How did Zenefits, a $4.5 billion Silicon Valley darling, stumble?
Last night Zenefits, the corporate benefits software company, announced that its CEO and founder Parker Conrad had stepped down. Chief operating officer David Sacks became CEO. In an email to employees provided to media, Sacks wrote, “The fact is that many of our internal processes, controls, and actions around compliance have been inadequate, and some decisions have just been plain wrong. As a result, Parker has resigned.”
The message was clear: Zenefits was in legal trouble, and it was Conrad’s fault. He was not given a ceremonial title. He was not given a board seat. He was not spared the blame.
Until last night, Conrad played the role of the disruptive underdog going after the big, evil corporation. As I wrote last year, Zenefits brought a buzzy excitement to an otherwise dull sector. Just two years into its life, Zenefits had already been banned, demonized, and sued. A competitor called its PR strategy “manipulative and malicious,” and insurance brokers called its business model a “threat.”
Through it all, Conrad, colorfully defended his company’s right to disrupt. I wrote at the time:
It created a compelling narrative to root for. Conrad himself is a bit of an underdog. He graduated from Harvard after flunking out, beat testicular cancer at 24, and was pushed out of his previous startup, SigFig, by his own co-founder. He compared Zenefits’ mission of fixing employee benefits administration to the rebel alliance in Star Wars. (Zenefits’ conference rooms even have Star Wars themes.) Today, some those fights look more like red flags than positive attributes.
When the company raised an early round of funding, it was called “the hottest deal in Silicon Valley.” When its valuation jumped 9x to $4.5 billion in one year, the company had already amassed 10,000 customers. Conrad complained he couldn’t grow the company fast enough to keep up with demand. By the end of this year, Zenefits stumbled on missed targets, layoffs, and major write-downs from its investors.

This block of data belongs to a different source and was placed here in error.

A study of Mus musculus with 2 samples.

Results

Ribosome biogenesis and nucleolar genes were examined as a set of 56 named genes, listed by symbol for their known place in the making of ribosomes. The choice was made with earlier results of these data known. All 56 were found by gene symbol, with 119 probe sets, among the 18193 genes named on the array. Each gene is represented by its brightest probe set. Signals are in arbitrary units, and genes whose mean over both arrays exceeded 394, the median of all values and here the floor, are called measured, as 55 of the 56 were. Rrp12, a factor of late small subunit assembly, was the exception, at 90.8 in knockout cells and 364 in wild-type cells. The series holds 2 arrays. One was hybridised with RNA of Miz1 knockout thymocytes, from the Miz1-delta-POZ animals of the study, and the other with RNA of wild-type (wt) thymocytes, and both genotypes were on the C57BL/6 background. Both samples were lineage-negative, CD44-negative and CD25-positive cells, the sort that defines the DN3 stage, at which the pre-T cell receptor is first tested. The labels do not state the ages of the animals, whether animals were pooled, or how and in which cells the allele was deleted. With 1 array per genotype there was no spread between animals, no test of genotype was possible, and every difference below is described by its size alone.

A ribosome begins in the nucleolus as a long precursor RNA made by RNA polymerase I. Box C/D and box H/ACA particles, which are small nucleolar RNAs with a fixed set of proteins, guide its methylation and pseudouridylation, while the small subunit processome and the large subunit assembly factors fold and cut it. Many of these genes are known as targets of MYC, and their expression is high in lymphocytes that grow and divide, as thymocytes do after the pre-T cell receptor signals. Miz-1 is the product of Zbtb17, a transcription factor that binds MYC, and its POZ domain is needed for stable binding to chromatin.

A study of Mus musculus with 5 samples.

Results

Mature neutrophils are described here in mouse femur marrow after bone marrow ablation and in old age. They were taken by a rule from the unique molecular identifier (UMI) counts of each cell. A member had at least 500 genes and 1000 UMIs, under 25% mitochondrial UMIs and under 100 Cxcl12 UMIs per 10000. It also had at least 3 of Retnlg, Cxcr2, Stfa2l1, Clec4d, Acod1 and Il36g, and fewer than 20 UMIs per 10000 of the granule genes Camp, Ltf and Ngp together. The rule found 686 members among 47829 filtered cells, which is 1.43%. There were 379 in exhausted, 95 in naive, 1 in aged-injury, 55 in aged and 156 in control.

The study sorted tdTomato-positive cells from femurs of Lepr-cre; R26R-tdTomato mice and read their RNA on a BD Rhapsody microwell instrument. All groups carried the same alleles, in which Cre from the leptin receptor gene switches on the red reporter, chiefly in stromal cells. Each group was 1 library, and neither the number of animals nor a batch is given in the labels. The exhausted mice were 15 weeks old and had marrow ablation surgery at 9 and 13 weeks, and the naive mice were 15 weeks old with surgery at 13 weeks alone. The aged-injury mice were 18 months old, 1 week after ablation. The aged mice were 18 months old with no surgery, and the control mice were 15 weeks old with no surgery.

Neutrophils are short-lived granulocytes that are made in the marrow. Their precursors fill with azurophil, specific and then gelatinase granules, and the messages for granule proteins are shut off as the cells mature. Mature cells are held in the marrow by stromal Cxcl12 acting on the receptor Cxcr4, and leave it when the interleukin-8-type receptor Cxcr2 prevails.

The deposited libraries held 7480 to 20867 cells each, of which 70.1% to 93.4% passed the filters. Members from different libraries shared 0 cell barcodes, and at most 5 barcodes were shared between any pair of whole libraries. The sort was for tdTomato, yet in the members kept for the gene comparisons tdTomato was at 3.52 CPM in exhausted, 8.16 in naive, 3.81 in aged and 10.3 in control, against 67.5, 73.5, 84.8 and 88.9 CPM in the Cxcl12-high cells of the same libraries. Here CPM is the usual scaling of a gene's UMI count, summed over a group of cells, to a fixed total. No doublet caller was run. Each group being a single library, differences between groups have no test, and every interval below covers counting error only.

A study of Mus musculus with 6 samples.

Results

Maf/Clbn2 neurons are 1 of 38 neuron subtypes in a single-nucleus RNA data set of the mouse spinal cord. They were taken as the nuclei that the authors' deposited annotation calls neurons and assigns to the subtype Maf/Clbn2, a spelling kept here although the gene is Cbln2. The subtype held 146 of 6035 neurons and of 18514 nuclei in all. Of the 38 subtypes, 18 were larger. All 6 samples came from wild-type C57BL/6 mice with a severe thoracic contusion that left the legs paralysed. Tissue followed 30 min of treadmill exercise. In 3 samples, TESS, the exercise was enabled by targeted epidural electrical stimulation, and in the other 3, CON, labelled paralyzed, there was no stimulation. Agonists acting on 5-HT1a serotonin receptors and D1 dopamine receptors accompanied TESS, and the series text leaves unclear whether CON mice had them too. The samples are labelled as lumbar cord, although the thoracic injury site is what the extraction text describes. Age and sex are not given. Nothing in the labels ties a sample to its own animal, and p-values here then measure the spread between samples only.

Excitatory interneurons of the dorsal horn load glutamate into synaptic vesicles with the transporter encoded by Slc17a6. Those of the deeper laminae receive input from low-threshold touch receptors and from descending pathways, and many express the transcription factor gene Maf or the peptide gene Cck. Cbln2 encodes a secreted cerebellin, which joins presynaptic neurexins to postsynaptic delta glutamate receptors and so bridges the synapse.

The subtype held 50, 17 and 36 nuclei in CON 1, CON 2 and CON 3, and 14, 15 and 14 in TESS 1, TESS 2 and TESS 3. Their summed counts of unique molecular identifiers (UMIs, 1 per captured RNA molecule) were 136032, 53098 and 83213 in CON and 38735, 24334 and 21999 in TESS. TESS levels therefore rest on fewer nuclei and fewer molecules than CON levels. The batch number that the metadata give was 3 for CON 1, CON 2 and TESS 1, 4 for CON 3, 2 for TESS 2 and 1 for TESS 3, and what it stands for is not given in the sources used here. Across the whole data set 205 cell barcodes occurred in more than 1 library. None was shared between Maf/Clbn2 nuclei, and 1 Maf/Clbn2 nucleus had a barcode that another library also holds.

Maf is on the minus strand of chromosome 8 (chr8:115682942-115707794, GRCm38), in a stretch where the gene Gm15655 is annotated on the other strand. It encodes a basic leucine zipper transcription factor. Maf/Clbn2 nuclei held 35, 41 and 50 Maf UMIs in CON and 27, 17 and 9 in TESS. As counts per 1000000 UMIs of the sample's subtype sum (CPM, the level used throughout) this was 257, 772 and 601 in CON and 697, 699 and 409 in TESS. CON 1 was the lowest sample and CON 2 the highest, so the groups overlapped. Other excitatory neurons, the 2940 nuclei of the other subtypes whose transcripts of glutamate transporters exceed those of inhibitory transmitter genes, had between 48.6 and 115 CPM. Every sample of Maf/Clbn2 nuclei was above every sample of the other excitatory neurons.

The Zenefits meltdown follows a similar pattern at other startups in highly regulated categories. First a media report raises questions about a company’s business practices. Then regulators take a closer look. Then we find out that the disruption wasn’t quite as magical—or at least, not as legal—as it seemed. It happened at blood testing startup Theranos, worth $9 billion. It happened at fantasy sports betting sites DraftKings and FanDuel, worth respective $1.2 billion and $1.3 billion. It happened at DNA testing kit 23andMe, valued at $1 billion.
How does Silicon Valley keep letting this happen?
Get Data Sheet, Fortune’s technology newsletter.
It’s safe to say Silicon Valley worships at the altar of disruption. TechCrunch has a whole conference named after it. Disruption is an important part of Silicon Valley’s history: Innovative companies rise and turn into giant, slow-moving bureaucratic conglomerates. New, faster-moving startups emerge to unseat them. Cue “Circle of Life.”
But the definition of disruption has changed as we’ve entered the era of “software is eating the world.” If, as prominent venture investor (and Zenefits backer) Marc Andreessen posits, every industry we know will be disrupted by software, the opportunities are all around us. Transportation, blood testing, pizza delivery, shipping containers, bras—everything is fair game for disruption!
Except the stakes are a lot higher when startups disrupt highly regulated industries like health care, lending, insurance, or investing than they are for advertising, shopping, or music.
That hasn’t stopped startup founders from going for it. Some of the hottest startups of recent years have taken on those industries. Uber is disrupting transportation. Theranos is disrupting blood testing. Zenefits and Gusto are disrupting employee benefits. Oscar is disrupting health insurance. SoFi and Credit Karma are disrupting lending. Wealthfront and Betterment are disrupting investing. The list goes on.
Many startup founders are unapologetic in their ignorance of regulations. Not knowing or purposely flouting “the rules” of an industry used to be an advantage because you brought new perspective that insiders were blind to. (The hospitality industry, for example, dismissed Airbnb as a ridiculous idea. The TV industry still likes to snub Internet advertising.)
The writer Paul Carr memorably described the phenomenon in 2012:
It’s easy to shrug off a startup that operates in the gray area of the law when it’s just a few people and an idea. We assume they’ll figure out the regulations and comply before they get big enough to cause any real problems. But in the so-called Age of Unicorns, startups can go from zero to $1 billion in the blink of an eye. It’s become very clear we can’t assume a billion-dollar company is legit just because some venture investors said so.
But these companies are private, so information on how they work is hard to come by. It’s possible that if BuzzFeed hadn’t first revealed that Zenefits was selling insurance without the proper licenses, the company wouldn’t have come under investigation by Washington State, which ultimately led to Conrad’s ouster. Or if The Wall Street Journal hadn’t revealed problems with Theranos’ blood tests, Walgreens wag may not have suspended its lab testing with the company in California. But when reporters ask hard questions, Silicon Valley’s response is to call them “haters.”
Software is trying to eat some of the thornier parts of the world. I have no doubt that incredible, world-changing innovations will come out of it. But until founders figure out a way to disrupt within the existing legal framework, there will be some some ugly fights, and plenty of “haters,” along the way.